A Pakistan I wish I knew

Published: September 12, 2012

Days like August 14 and September 6 invoke positive emotion for Pakistan and yet, I’ve grown up listening to things absent from the motherland. The oft-repeated expression “Oh what a country it was” makes me wonder and imagine, and then I sit down to hear the fairy tale.

According to my father, Pakistani society was beautifully knit, so much so that people from different religions — what to talk of various sects of the same religion — lived in perfect harmony.

They would celebrate each other’s festival and jointly participate in all types of communal activities. Eid, Christmas, Rabiul Awal and Muharram were observed with fervour and with care for your neighbour an obligation on everybody. The common denominators were respect for each other and love for the then newly-acquired home. Life was pure in most forms and good values were in actual practice in society.

Then came the post-1977 era where a few thought they were the best and would decide the fate of the other, usually minority, elements of the society. The two worst things that erupted then, and yielding now, were intolerance for other ideologies and militancy in the name of peaceful religious practice.

Merit gave way to nepotism, hard work to smart work, time-tested truths to quick fixes and sympathy to apathy. Acts of terrorism have become an everyday affair, to the extent of making our young and very young extremely indifferent to loss of life, peace and prosperity.

As they say that 10 per cent of the people anywhere in the world will never do a thing wrong, come what may, and 10 per cent of the people will never do a thing right come what may — the remaining 80 per cent just follow the trend.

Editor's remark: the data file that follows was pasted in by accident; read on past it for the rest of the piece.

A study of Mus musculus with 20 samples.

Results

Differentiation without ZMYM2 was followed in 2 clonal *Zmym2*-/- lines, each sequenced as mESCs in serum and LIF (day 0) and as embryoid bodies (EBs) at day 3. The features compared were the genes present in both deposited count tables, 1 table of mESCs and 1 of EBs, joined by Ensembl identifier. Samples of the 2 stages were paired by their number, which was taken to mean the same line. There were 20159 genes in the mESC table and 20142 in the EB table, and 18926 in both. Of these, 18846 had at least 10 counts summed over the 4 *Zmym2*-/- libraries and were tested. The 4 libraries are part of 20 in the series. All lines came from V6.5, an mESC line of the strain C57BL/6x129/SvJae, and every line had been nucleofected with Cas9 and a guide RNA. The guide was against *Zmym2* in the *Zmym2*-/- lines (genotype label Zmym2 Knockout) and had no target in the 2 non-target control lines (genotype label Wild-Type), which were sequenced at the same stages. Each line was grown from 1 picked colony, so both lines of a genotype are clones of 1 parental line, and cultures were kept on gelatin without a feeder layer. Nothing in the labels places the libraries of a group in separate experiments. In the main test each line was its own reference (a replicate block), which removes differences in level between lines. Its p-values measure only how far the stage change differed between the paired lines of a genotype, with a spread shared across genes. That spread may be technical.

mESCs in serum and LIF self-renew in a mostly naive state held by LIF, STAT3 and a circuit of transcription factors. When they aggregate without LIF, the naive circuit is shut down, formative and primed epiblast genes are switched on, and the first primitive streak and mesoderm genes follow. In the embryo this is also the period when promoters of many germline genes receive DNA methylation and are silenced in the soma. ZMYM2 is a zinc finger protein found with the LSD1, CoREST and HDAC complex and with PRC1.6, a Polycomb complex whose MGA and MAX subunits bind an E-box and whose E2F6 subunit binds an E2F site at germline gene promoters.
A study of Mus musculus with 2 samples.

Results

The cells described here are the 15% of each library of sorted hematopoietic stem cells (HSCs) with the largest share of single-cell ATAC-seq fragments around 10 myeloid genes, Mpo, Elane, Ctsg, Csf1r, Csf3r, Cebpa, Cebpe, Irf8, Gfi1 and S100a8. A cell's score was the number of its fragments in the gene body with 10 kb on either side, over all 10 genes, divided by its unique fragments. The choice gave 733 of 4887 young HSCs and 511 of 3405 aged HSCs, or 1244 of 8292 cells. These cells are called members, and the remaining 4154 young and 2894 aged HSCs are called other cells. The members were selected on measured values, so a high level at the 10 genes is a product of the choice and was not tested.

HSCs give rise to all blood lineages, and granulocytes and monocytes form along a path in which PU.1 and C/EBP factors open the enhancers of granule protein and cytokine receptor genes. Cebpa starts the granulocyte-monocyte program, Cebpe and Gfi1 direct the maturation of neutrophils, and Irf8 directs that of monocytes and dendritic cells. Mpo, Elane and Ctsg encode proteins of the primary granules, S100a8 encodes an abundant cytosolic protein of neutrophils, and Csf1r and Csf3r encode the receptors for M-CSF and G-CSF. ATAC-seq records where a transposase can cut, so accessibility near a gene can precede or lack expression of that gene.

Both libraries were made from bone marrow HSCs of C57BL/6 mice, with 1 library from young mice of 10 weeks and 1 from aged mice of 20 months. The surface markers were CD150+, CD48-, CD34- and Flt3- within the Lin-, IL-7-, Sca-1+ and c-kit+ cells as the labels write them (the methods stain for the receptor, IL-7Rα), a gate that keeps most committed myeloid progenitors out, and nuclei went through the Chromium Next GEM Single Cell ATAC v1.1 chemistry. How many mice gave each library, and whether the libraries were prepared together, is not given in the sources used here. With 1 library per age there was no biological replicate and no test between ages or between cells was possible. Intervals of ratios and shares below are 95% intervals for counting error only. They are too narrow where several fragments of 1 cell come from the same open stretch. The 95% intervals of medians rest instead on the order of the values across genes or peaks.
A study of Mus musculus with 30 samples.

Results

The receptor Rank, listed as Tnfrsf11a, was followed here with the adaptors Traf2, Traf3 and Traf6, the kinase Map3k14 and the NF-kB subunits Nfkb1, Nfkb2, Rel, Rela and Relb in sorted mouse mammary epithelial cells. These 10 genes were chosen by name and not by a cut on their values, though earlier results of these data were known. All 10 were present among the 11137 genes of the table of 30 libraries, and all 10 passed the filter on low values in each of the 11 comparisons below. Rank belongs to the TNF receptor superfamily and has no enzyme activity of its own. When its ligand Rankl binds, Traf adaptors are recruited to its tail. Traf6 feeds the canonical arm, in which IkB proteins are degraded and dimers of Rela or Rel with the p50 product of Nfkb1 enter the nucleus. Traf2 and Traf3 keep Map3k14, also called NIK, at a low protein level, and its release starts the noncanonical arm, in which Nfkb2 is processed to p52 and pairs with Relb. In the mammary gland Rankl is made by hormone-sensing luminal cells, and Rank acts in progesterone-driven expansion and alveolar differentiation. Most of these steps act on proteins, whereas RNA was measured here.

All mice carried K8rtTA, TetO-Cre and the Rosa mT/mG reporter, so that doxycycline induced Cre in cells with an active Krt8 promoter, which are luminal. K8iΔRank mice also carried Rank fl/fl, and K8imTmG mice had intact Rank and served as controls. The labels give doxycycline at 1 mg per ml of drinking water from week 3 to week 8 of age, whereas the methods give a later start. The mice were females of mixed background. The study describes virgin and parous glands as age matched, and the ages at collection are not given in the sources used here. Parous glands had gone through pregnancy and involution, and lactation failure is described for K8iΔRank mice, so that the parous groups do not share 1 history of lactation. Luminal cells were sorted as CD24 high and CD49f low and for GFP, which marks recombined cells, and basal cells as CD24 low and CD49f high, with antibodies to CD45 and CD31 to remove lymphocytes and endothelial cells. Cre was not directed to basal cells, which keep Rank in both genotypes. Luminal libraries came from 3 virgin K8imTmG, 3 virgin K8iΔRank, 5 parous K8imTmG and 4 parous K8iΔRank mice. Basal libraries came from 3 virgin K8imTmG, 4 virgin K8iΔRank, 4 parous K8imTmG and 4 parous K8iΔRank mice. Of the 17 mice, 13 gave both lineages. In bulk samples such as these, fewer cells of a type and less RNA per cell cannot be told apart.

Over the years, our youth has been feeling frustrated having seen their efforts and merit being sacrificed for the sake of having the ‘right’ connections but with time, I’ve started to see the silver lining that my elders and seniors have often talked about.

The nation is still active and sympathetic as demonstrated during two of the biggest tragedies in recent times — the 2005 earthquake and the 2010 floods. And the greatest optimism is that things will change for the better, mainly through the efforts of the youth.


Maryam Usman

The author is currently working as a National Reporter at The Express Tribune newspaper in Islamabad and in the past, has also worked as an Arts, Culture and Life & Style Reporter and a Sub-Editor for the newspaper. She tweets as @mittzbitz (twitter.com/mittzbitz)

The views expressed by the writer and the reader comments do not necessarily reflect the views and policies of The Express Tribune.